Running with Asthma: How the Superwoman Overcomes

Sophomore Alexa Davis running at a Mattawan sponsored Cross Country meet at Protage West Middle School. She is the number one Varsity girl for Loy Norrix. Photographer: Jenny Dantes
Sophomore Alexa Davis running at a Mattawan sponsored Cross Country meet at Portage West Middle School. She is the number one Varsity girl for Loy Norrix. Photo Credit / Jenny Dantes

At the meets, there is such a diverse group of runners. Those that have been through the chaos for four years straight and those that have just started. There are runners with injuries and illness and also a select few who have asthma or exercise induced asthma who are very hard to point out unless they are seen taking an inhaler before they have to be at the start.

“When I think of asthma, it brings to mind really heavy breathing with wheezing in between,” said sophomore Alexa Davis, who has exercise induced asthma.

As Davis runs beside her teammates during the warm-up after school, her breathing is more off beat than those that flank her from all sides. She tries her best to control the way she breathes, but it is not as easy as it looks.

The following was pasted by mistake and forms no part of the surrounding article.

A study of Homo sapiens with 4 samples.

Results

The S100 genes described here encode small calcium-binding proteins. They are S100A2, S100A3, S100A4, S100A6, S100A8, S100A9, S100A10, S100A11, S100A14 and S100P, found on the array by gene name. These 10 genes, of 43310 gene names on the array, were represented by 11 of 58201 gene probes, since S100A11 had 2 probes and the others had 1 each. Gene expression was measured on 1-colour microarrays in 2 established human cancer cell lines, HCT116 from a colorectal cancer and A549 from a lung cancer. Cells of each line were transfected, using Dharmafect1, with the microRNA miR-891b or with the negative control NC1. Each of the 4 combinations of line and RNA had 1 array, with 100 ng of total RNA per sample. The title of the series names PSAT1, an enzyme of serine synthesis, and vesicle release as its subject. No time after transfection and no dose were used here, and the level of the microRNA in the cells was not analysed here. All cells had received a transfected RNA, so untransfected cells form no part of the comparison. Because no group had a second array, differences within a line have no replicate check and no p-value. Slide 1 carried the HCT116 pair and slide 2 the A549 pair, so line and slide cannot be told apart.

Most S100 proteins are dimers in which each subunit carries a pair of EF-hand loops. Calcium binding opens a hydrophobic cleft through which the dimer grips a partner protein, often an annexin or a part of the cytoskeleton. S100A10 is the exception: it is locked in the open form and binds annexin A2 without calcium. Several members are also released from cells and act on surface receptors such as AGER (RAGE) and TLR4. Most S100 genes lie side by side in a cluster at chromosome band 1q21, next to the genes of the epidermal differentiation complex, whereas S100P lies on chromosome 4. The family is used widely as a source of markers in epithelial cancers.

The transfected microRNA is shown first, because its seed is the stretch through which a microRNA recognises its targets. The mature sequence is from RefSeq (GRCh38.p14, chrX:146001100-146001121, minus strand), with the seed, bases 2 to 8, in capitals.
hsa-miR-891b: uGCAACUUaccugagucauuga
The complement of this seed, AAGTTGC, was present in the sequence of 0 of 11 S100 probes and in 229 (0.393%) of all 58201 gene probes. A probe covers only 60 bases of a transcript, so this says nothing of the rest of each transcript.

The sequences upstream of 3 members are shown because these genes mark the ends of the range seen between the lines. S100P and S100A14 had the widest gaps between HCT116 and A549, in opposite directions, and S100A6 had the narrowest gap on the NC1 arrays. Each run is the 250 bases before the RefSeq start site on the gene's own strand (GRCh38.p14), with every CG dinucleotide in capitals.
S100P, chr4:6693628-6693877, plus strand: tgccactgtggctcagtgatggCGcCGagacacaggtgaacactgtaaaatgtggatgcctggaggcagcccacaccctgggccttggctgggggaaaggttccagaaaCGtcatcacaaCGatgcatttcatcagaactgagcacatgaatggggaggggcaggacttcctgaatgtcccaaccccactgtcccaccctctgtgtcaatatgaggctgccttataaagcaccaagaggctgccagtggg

“Focus on controlling your breathing, slow down, or stop,” said Davis, who is more used to breathing troubles than most.

Experts, such as Budd Coates and Claire Kowalchik, say using a breathing pattern of three’s and two’s are good for long and easy runs, and two’s and two’s for hard workouts and sprints.

“I’ve tried it, but I lost focus. When I can find a breathing pattern, it gives my brain something to think about rather than my ragged breathing,” said Davis.

Some runners who are less experienced in the art of running may have a mental block on asthma, thinking they might pass out if they stretch past their limits. They decide the second before they run, to go long and easy. Once halfway there or more than halfway, they experience issues and turn back even if they’re almost to their goal. Davis, on the other hand, has a hard grip on her running style. She takes on a positive outlook whenever she runs and does her best to stay out of the pessimistic hole some runners have often visited.

“Have a positive attitude. It’s going to be okay. You’ve done this before, you can get through this again,” said Davis.

There are many ways to get a better grip on running with asthma or exercise induced asthma. Talk to a doctor or trainer. There may be other things that haven’t been tried that might help. Do breathing exercises at home or before practice. Most importantly, don’t give up. These things are frustrating, but that’s bound to happen. Make this a strength, not a weakness.